The Cape May County Health Department says a single case of hepatitis A in a food worker employed at Dunkin’ Donuts at 962 West Avenue in Ocean City has been confirmed.

The county says this person worked while they were potentially infectious between Sunday, Jan. 27, and Thursday, Jan. 31.

The management of this establishment is cooperating with sanitary procedures and the investigation.

While the risk to people who ate or drank at the Ocean City Dunkin’ Donuts is low, out of an abundance of caution, the Cape May Health Department is recommending that they receive “post-exposure prophylaxis” (PEP).

PEP consists of hepatitis A vaccine and/or immune globulin and can further reduce the risk of acquiring hepatitis A. To be effective, PEP should be received as soon as possible, but no later than Feb. 14, according to authorities.

The county health department says hepatitis A is a contagious liver disease that results from infection with the hepatitis A virus. It can range in severity from a mild illness lasting a few weeks to a severe illness lasting several months. Hepatitis A is usually spread when a person ingests fecal matter, even in microscopic amounts, from contact with objects, food, or drinks contaminated by the feces or stool of an infected person.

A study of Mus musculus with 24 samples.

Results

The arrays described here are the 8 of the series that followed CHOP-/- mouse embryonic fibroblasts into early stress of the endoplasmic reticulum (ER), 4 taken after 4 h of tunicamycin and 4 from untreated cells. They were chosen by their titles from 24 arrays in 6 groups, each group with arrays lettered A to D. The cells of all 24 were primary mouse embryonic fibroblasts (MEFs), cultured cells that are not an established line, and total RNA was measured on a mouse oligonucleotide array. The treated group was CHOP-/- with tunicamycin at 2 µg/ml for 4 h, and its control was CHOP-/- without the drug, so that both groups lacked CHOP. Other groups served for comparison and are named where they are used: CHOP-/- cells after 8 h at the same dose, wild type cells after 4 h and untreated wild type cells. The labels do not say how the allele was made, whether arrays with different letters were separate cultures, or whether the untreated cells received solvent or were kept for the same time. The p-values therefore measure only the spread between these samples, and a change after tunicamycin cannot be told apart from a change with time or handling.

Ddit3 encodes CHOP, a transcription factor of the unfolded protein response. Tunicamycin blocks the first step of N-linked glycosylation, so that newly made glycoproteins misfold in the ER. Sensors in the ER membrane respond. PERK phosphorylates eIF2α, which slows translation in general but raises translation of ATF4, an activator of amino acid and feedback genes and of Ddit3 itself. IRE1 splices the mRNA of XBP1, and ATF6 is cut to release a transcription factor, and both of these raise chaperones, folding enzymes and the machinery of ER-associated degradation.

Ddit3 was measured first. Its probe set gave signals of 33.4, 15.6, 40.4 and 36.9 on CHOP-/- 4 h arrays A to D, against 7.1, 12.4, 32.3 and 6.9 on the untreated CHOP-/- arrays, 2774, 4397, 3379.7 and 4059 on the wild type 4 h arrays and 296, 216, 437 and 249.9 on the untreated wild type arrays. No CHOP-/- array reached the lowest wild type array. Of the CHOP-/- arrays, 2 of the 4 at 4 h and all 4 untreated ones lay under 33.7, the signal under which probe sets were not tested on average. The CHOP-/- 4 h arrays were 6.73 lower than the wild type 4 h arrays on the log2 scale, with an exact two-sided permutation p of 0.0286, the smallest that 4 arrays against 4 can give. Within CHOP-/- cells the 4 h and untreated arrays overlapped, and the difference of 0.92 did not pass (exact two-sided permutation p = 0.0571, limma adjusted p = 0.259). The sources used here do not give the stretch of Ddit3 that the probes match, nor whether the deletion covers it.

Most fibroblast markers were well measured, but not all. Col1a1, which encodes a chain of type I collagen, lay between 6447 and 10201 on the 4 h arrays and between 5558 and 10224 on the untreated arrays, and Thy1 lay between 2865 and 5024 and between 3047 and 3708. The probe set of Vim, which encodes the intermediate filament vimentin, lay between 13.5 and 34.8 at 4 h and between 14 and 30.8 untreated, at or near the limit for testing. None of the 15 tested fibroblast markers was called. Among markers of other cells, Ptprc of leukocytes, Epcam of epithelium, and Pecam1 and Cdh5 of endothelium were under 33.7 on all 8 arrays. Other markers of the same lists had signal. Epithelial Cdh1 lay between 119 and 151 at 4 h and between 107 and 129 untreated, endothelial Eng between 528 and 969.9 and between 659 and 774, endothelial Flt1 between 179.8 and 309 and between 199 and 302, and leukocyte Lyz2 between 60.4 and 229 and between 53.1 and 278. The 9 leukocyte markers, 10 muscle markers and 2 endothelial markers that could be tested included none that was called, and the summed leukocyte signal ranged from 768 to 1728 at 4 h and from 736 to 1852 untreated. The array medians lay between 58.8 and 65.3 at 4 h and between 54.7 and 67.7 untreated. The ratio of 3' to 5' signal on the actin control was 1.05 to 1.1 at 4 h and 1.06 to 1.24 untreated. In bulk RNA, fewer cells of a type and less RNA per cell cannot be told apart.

Signs and symptoms of hepatitis A can include the following:

  • Fever
  • Fatigue
  • Loss of appetite
  • Nausea
  • Vomiting
  • Abdominal discomfort
  • Dark urine
  • Clay-colored bowel movement
  • Joint pain
  • Jaundice (yellowing of the skin or eyes)

Signs and symptoms usually appear two to four weeks after exposure, although they may occur two to seven weeks after exposure. Children under 6 years of age with hepatitis A often do not have or show few signs and symptoms.

Dunkin' Donuts worked closely with the Cape May County Department of Health and the restaurant has been cleared to reopen.